Over a 32-year military flying career that spanned a period when the Royal Air Force regularly replaced its fighter/bombers, author Ian Hall had seven front-line flying tours on five different types.
His story starts in Bahrain flying the Hunter in the early 1970s, just before the massive contraction that saw the RAF withdraw from the Middle and Far East. This is followed by a home-based tour on a ground-attack Phantom squadron. But as the Phantom is about to be transferred to air defense duties, Hall is posted back to the Hunter on the staff of the tactical weapons unit.
This tour, as a qualified weapons instructor, is cut short by a return to the front line on the Jaguar, which he flies in the strike/attack role in Germany.
Following an exchange with the Royal Norwegian Air Force during which he enjoys flying the F-5A Freedom Fighter, Hall returns to the Jaguar as a flight commander, then converts to the Tornado and commands a squadron.
All these flying tours provide a rich source of material for incisive, amusing and, sometimes, reflective observations from the cockpit, according to the publisher.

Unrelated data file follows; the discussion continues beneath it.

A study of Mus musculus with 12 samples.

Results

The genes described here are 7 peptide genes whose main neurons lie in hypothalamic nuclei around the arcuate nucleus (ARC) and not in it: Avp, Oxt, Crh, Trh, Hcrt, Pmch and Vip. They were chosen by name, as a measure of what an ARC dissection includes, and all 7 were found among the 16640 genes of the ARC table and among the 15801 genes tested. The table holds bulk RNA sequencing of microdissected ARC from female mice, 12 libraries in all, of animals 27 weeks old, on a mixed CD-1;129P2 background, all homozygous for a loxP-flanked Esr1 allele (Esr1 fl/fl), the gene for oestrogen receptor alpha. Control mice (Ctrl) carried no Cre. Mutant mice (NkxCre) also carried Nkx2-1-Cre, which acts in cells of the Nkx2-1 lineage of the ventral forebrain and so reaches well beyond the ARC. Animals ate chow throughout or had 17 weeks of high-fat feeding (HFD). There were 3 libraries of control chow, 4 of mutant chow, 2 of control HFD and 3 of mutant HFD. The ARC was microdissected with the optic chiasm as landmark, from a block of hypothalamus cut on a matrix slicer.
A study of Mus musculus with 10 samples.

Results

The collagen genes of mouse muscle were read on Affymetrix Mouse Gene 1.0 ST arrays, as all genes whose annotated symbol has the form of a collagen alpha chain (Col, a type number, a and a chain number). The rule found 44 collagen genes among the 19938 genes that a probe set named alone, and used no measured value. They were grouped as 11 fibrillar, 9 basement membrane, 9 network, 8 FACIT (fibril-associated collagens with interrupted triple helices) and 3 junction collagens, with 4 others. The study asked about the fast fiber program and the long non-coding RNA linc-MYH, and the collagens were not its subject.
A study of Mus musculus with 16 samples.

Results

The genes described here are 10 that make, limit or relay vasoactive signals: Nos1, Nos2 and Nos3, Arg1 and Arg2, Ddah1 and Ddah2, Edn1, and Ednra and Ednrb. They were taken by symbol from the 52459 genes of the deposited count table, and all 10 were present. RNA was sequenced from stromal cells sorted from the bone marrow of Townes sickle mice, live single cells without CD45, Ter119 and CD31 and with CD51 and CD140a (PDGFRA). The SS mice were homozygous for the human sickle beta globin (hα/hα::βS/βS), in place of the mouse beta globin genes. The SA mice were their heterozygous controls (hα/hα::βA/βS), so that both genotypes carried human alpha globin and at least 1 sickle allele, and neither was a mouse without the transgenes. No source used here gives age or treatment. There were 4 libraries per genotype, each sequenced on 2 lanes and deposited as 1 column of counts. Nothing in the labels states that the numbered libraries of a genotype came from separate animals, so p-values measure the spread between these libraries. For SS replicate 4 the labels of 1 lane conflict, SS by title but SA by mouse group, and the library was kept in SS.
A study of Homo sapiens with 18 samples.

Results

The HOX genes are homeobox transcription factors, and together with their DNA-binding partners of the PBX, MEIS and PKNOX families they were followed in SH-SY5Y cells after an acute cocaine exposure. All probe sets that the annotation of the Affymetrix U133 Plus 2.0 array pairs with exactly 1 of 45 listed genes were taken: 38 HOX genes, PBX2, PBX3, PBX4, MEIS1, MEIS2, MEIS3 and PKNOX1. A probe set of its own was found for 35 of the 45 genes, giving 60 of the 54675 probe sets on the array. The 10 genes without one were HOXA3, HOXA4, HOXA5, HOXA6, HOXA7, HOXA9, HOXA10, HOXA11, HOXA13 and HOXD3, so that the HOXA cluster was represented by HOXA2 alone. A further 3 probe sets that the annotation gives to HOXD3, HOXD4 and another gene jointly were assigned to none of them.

As do his periods on the ground, from which he recalls impressions of various other types in which he flew as a guest: Lightning, Harrier, F-14 Tomcat, F-16, and so on.
He also relates observations of his varied experiences with the army, the navy and foreign air forces, and these are interspersed with musings on the political interface and on friends lost in accidents.
Later, Hall surprised himself by switching to civil aviation, and the book touches upon his 12-year experience of a fast jet pilot who became a turboprop captain.
In the book, he reflects on a great life of flying, as well as takes a brief look at the things that keep a retired pilot amused.
The hardback 192-page book sells for $39.95.